Kentucky power forward Anthony Davis, who is quite possibly the best NBA draft prospect since LeBron James went No. 1 overall in 2003, stands out far above the rest of the 2012 draft class as its best prospect.
Davis’ collegiate teammate, Kentucky small forward Michael Kidd-Gilchrist, should be the second-best player from the draft class, but outside of those top two talents, there may not be a better player to emerge from Thursday’s draft than North Carolina point guard Kendall Marshall.
Marshall is unlikely to be a lottery selection, and will likely be only the fourth player taken from his own college team. As of the time of publication, ESPN draft analyst Chad Ford projects Marshall to be selected as the No. 20 overall pick by the Denver Nuggets, behind his former Tar Heels teammates Harrison Barnes, John Henson and Tyler Zeller.
Bleacher Report Featured Columnist Dan Favale has Marshall being selected 17th by the Dallas Mavericks, while Draft Express projects him to be the 18th selection by the Utah Jazz, but both also project him to be the fourth UNC player drafted.
Marshall is projected to fall out of the lottery because he is neither an explosive athlete nor a great scorer. This makes sense, but Marshall can do just about everything else an NBA team should want from its point guard.
From the first game Marshall plays in the league, he should emerge as one of the league’s best passers. Marshall has tremendous court vision, and passes the basketball with as much flair and precision as I have ever seen before from a college point guard.
Marshall can make any pass on the basketball court, from a simple bounce pass to a full-court lob. He can throw passes with perfect accuracy on the run, and completes challenging passes into tight windows that few collegiate point guards would attempt.
Marshall was surrounded by players who were better athletes and better scorers at UNC, but that made him the perfect fit for the Tar Heels’ lineup for the past two seasons. Marshall is a floor general who takes on a natural on-court leadership role, and with his vision and passing accuracy, he is frequently able to create scoring opportunities for his teammates.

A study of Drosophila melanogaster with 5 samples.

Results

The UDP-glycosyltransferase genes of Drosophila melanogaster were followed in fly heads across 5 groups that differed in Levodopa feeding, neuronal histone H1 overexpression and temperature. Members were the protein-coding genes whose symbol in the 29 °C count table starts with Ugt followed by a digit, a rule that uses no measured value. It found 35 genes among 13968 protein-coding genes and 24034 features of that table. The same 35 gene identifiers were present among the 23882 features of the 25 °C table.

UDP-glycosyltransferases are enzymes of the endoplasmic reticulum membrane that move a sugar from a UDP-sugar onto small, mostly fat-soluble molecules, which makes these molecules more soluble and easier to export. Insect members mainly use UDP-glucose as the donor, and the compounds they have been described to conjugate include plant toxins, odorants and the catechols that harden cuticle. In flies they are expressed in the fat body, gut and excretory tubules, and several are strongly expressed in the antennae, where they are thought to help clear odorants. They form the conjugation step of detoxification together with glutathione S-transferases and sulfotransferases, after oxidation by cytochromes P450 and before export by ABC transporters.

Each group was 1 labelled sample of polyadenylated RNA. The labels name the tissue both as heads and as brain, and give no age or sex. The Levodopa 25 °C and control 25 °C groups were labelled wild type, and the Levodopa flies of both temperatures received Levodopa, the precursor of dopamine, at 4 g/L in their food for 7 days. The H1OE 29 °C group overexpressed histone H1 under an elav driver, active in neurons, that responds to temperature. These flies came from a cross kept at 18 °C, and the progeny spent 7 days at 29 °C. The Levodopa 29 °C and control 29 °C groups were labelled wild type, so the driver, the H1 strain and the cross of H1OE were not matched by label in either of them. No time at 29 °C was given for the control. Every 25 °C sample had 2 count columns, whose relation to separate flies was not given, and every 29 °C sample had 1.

Marshall ranked second nationally last season with 9.7 assists per game, a full 1.7 assists above the third-best rate last season. On the contrary, Marshall had 2.8 turnovers per game last season, but the majority of his turnovers were not careless mistakes, but a result of the aggressive chances he takes as a passer.
Passing and court vision are Marshall’s best traits, but he is also a smooth defender and a skilled ball-handler. He is a pure, traditional point guard, and he has ideal height for the position at 6’4’’.
Marshall’s importance to the Tar Heels truly came into display when he was not on the court during the 2012 NCAA tournament. Marshall got off to a great start in UNC’s tournament run: he had 11 points and 10 assists in the team’s opener versus Vermont, and did even better against Creighton with 18 points and 11 assists.
Unfortunately, Marshall fractured his wrist late in the Creighton game, and was unable to play in the following weekend’s games. Without Marshall, the No. 1-seeded Tar Heels were taken to overtime by Ohio, a No. 13 seed, then lost to eventual NCAA runner-up Kansas by 13 points in the Elite Eight.
Ford, Favale and Draft Express all project Marshall to be the second point guard selected, behind Damian Lillard from little-known Weber State. Admittedly, I have seen very little of Lillard’s play, but he is a different player than Marshall, known more for his scoring than his passing. Lillard ranked second nationally last season with 24.5 points per game.
Where should Kendall Marshall be selected?
Plenty of point guards like John Stockton and Steve Nash, players known for their passing and defense rather than explosive athleticism and scoring skills, have had great success in the NBA.
When it comes to the NBA draft, however, teams tend to look for running backs more than quarterbacks at the point guard position, coveting elite athletes who create scoring opportunities for themselves.
Nonetheless, if the actual NBA teams stay in line with the draft experts and allow Marshall to pass through the lottery, I believe they are making a mistake. Marshall should be one of the safest picks in the NBA draft; his upside is limited, but he would be a great fit for a team that already has talented scorers and athletes, as he can be a tremendous leader, manager and playmaker.
Davis could be an All-Star as early as his rookie season, but if I were to project the second player out of this class to make an All-Star Game, my bet would be on Marshall, who appears set to be a steal in the middle of Round 1.